NuForce iDo DAC/headphone amp
An easy way to get good sound from an Apple device
The only drawback? The uDAC 2 needed to be fed (and powered) via a USB out from my MacBook® Pro, which added another big footprint to my always in-demand desktop space. If only there was a way to use that amp with my iPhone®.
...the solution appears.
Fast forward a few weeks: I got to check out a production model of Nuforce's latest offering, the Icon iDo® DAC. It's made specifically for Apple-dockable devices: the iPod®, iPad®, and iPhone®. This sleek device is sure to be a winner down the road.
First of all, it solves my footprint problem. Secondly, it charges my iPhone when connected. And thirdly, it sounds even better working with my iPhone 4 than the uDAC 2 did when connected to my computer.
How's that possible? I have a theory: with a dedicated power supply, the iDo has more internal resources to deliver audio with enough reserve power for high dynamic-range bass, peaks and transients. The uDAC 2, on the other hand, has to sip from your computer's USB power tree.
The iDo is a serious piece of gear for something so portable. A minimalist silicone stand holds the iDo securely vertical for easy placement in a desktop environment. It's got its own outboard "wall wart" power supply and is slightly smaller than a paperback novel.
It comes in red, blue, and black in addition to the clean, classic silver finish that I got to review. It's easy to see the iDo is way larger than its uDAC brethren, yet narrow enough to adapt to most all placement challenges. An LED level readout shows you just how much gain you've dialed in.
Clean and powerful
Like most headphone amps, there's only one moving part: a substantial-feeling, click-detented volume knob. At first I thought that might mean a coarse and noticeable jump in apparent volume as I turned the knob up or down, but I was struck by the smooth gain curve and the fine level of control. This knob needs to be dialed significantly in order to radically change volume — and with today's highly sensitive in-ear devices, that kind of fine adjustment is much-appreciated.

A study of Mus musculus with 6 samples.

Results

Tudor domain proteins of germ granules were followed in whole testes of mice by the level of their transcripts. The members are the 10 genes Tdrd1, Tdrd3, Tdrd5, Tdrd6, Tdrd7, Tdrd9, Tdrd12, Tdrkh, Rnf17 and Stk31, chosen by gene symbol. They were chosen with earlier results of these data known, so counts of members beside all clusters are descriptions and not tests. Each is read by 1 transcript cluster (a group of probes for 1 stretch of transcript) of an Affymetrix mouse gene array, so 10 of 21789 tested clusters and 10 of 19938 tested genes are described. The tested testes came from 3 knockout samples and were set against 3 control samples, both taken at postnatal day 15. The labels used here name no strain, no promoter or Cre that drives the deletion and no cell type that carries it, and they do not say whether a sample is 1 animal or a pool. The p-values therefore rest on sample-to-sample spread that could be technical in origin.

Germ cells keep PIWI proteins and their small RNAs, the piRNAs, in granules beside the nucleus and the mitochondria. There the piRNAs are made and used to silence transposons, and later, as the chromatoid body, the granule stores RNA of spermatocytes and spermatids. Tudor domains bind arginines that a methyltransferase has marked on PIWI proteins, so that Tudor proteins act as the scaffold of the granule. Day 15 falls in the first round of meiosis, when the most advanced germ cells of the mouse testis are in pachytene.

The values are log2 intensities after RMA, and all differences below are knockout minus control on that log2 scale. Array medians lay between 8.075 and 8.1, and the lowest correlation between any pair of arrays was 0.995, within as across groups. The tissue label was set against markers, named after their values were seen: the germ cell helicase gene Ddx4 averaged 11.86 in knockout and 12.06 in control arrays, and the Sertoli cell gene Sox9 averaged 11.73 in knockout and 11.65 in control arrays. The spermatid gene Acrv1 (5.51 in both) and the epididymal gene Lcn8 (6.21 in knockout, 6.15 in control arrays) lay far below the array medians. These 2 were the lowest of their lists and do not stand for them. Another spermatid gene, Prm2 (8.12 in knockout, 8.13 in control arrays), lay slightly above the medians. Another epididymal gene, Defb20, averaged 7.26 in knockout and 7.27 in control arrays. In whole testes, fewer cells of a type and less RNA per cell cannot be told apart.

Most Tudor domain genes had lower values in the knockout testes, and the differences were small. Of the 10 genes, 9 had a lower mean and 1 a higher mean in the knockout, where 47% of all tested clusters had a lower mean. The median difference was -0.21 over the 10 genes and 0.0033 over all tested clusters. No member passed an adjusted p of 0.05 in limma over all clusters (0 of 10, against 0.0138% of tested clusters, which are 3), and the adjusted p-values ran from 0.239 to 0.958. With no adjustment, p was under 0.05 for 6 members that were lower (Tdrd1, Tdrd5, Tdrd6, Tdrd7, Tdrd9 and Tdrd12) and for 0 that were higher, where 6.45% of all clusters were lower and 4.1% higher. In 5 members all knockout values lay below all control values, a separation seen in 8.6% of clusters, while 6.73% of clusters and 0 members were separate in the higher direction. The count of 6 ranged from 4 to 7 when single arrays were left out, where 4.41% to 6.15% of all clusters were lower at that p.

In addition to its headphone output, the Icon iDo can also output two-channel
audio to your home system, as well as coaxial digital audio (S/PDIF) from your player.
The back of the unit is simple as well. There's a power button, the power supply input, a USB input, analog RCA outputs, and a coaxial digital (S/PDIF) output.
Your iPad, iPod, or iPhone already has a DAC built-in, to create an analog signal for the headphone jack. But due to space constraints and battery-life limitations, it probably won't surprise you to hear that it's not on the same order as the circuitry in the iDo.
The iDo bypasses this DAC, and the analog pre-amp and headphone amplifier found in all of Apple's music players. With the original digital data intact, the iDo uses its superior electronics to rebuild an analog signal that's far more pleasing to the ear. On the output side, this amp makes a signal that's clean as a whistle. Specs claim a >95dB signal to noise ratio, and .01% total harmonic distortion.
Also, there's no sample rate conversion, the circuitry is designed to work at Apple's native sample rates. Some hardware and software solutions convert the digital information in an audio file to a different "clock rate", or use a different number of data parcels (bits) to describe the signal. This conversion can add artifacts to the decoded analog signal you hear.
Think of it as the results of taking a picture of a picture, or saving a high-resolution photograph in a different format from its native one. You may use the best gear and workflow, but it will never be exactly the same as the original, and you may reap some undesirable consequences.
The amp will interface to your home stereo through either the analog or digital connections noted above. The same connections could also be well-suited to some nicely-voiced powered speakers. It will also accept IR (infrared) remote volume and play/pause commands from Apple remotes, like the ones that come with an iMac® or an Apple TV®.
Rising up the wish list
The Nuforce Icon iDo delivers clean, uncolored sound, and will drive the most demanding headphones with confidence. I got to sample the aforementioned Grado 325is, some Klipsch S4i earbuds, some very inexpensive Sony MDR-V150 closed over-ear headphones, and the exceptionally even-voiced Sennheiser HD 598's.
While each of these headphones reacted in their own particular way to the iDo, it was still clear in each case that the signal passing through the DAC was noticeably (and sometimes dramatically) better sounding than the headphone out signal from my iPhone 4.
I could now hear Sara Bareilles' subtler intakes of breath as she sang a ballad, and Phil Collen's (no, not Phil Collins, Phil COLLEN!) expressive thumb-follow-on harmonics on the guitar solos from Def Leppard's Pyromania album. And, in headphones that were skewed toward bass response, this amp delivered a satisfying thump and rumble, even at low volumes on both classic rock and classical offerings.
It should be noted that these amps do not pass along remote or microphone information to the Apple product on headphones that are so equipped; in a desktop environment, that's a small price to pay for minimal cables and a charged phone. Overall, this product feels well-designed and thought through and reasonably priced, given there are few if any comparable offerings on the market. I have a feeling Nuforce's mighty iDo will rank high on my wish list for the upcoming year.